Vodka and mayonnaise don’t mix. Or so I’ve been told. I can’t say that I’ve ever tried.

I’m not a vodka drinker and I just like mustard on my sandwiches.

But I do know that there are certain things that don’t mix well: the Canucks and Bruins; work and dating; driving and trimming your toe nails.

There is one other thing that people say do not mix: religion and science. At least that’s what I’ve been told.

But being the rebel I am, I’ve spent most of my lifetime mixing unmixable things.

Being a Christian – and a minister, at that – I’m convinced that the bible is true, Jesus lived, died and came back to life again, and God created the universe.

But I’m also a scientist (at least I used to be). I have a PhD in physics from the University of Manitoba, where I used massive lasers, supersonic jets, and extremely rapid cooling to study biological molecules.

And I still believe in a Creator – more so than ever.

So how does one resolve this issue?

One way is to go back, way back, and consider some of the founding fathers of modern science.

First, there was Galileo, who invented the telescope. He said that the Bible cannot err (He got in trouble with the Roman Catholic Church not because of science, but because he insulted the Pope, who was actually a friend of his).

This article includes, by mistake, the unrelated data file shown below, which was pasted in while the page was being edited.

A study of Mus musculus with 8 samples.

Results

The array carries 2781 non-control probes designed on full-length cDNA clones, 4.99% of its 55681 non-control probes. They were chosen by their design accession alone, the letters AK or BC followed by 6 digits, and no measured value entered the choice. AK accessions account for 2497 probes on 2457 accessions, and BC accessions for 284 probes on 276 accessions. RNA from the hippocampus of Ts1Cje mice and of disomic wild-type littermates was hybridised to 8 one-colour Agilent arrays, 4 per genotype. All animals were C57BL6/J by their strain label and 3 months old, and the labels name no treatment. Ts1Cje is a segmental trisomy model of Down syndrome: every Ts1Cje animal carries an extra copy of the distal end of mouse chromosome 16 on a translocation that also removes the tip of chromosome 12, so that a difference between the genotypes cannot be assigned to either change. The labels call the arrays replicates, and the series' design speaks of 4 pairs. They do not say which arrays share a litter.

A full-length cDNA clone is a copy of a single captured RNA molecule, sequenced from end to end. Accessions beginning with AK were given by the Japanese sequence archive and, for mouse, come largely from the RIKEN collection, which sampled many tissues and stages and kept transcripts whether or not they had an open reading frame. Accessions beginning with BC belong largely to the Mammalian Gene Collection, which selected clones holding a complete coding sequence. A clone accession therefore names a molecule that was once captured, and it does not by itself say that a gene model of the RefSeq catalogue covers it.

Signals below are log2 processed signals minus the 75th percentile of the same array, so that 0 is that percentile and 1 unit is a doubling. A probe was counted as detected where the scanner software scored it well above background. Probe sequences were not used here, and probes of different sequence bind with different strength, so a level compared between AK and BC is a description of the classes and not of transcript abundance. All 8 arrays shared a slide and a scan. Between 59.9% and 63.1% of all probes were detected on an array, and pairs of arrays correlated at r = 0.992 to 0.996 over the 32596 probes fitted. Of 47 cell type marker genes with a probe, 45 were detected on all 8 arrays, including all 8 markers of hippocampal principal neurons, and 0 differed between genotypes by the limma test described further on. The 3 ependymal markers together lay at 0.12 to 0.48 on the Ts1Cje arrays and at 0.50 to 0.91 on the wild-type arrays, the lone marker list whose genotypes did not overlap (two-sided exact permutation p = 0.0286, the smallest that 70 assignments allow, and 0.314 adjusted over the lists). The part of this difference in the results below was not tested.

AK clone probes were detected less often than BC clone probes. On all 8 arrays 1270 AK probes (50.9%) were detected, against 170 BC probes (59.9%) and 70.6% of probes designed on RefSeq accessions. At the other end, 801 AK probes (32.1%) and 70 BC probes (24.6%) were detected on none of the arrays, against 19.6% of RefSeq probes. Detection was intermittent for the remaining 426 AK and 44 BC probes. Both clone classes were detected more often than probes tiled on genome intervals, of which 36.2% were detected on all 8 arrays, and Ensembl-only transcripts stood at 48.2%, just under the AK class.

Pascal, who pioneered the study of pressure and gas-flow, was a devout believer in God.

The same can be said of Faraday, who revolutionized physics with his breakthroughs in electricity and magnetism’ and Mendel, who discovered many of the laws of botany; Kepler, who was the first to predict the orbits of planets.

I could also speak of Planck, Boyle, Stokes, Maxell, Bacon and Lord William Kelvin.

Most scientists today consider Kelvin to stand alongside of Einstein and Newton as laying the foundation for modern physics. This guy was so stunningly brilliant that he held a string of “letters” (honors, doctorates) behind his name that dwarfed anyone else in Europe at the time.

But Kelvin was not only a monolithic scientist (who helped us understand the mysteries of heat and entropy), but also a devout believer in God. He was so committed to his faith that he travelled and lectured extensively about the reliability of the Bible.

And, of course, I should mention Sir Isaac Newton –Mr. Planets, Mr. Gravity, Mr. Calculus. Without a doubt, Newton was the single most influential person in the history of science. But what most people do not know is that Newton’s real passion was in the study of the Bible. He dedicated more of his time and energy to studying the Scriptures than to the study of nature.

To these men, there was no conflict between science and Scripture. Faith and nature walked hand in hand to them.

And so we today, who claim to be people of science, can also study the Bible with full confidence.

These two things mix very well.

John Martens is pastor at The Connection.